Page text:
June 27, 2013

	Aaron Barritt stands in front of the refurbished fertilizer warehouse located off of Front Street that is now the offices and equipment storage for the Barn Doctors.  
 FULDA FREE PRESS/Norma Dittman
FULDA FREE PRESS/Norma Dittman
Aaron Barritt stands in front of the refurbished fertilizer warehouse located off of Front Street that is now the offices and equipment storage for the Barn Doctors.
By Norma Dittman
Aaron Barritt, owner and operator of Barn Doctors, is nearing completion on the remodeling of the old fertilizer storage warehouse located on Front Street just behind Ramerth Hardware. Just as his work with Barn Doctors restores and repurposes old barns, he and his crew have given the warehouse a new look and new life.

The building is now the location for the offices of Barn Doctors and stores much of the business’ equipment. “We haven’t gotten too far on the construction of the office itself, but I’m not here very much because I am on the road bidding jobs,” Barritt stated. The office space is on the south end of the building and will feature a barn-look when completed.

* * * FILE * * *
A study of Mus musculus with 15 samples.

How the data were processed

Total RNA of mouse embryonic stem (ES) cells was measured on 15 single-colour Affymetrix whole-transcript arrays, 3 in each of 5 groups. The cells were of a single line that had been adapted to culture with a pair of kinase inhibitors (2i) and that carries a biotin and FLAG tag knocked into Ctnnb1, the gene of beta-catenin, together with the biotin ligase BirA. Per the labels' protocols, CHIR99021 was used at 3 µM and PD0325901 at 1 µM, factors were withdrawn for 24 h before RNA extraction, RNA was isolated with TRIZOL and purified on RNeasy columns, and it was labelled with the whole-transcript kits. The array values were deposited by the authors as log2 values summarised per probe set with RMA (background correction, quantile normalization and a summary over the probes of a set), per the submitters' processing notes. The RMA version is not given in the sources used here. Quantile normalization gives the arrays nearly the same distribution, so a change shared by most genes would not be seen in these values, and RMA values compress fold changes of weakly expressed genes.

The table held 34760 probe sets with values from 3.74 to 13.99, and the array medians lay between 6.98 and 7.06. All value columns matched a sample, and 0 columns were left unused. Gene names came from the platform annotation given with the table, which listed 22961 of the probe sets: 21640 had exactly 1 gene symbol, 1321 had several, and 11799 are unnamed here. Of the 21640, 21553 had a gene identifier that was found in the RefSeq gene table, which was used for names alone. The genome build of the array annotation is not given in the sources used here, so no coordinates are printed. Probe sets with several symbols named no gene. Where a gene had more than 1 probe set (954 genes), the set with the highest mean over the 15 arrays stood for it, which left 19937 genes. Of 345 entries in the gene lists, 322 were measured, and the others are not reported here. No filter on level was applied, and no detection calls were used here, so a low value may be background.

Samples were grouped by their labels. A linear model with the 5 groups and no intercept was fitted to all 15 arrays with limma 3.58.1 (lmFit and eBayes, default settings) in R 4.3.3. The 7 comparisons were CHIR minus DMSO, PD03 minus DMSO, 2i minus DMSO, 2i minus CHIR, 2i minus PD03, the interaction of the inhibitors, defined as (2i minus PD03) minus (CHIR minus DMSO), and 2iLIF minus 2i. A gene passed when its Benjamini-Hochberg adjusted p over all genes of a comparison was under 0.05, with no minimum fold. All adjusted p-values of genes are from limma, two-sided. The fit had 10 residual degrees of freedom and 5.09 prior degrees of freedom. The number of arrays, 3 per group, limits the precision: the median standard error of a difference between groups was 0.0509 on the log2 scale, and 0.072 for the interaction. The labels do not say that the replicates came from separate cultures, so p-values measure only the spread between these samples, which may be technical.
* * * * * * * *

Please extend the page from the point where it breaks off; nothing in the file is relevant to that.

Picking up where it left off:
“I couldn’t believe how good of shape that this building was in,” Barritt said, referring to the fertilizer warehouse. “It is very solid. We bought it and gutted the insides. There were bins where you see the foundations still in the flooring. We tore those out and took out all of the steel rods that were used to tie the structure together. There were studs every foot and the rods were all doubled. We put in new beams and stringers throughout the building,” Barritt explained.

New roll-up doors were installed that accommodate the size and height of the equipment used by Barn Doctors. The exterior of the building is now covered with bright red metal siding. Entry doors, and even the doors on the east side which Barritt said are “fake and just there for the barn look” are barn-style doors.

Over the south roll-up door a barn quilt has been placed. It’s design and color say “Welcome”, according to Barritt.

“Barn quilts are huge in Iowa. You see a lot of them as you drive through Iowa. The Iowa movement began in Sac County as a 4-H project,” Barrit explained.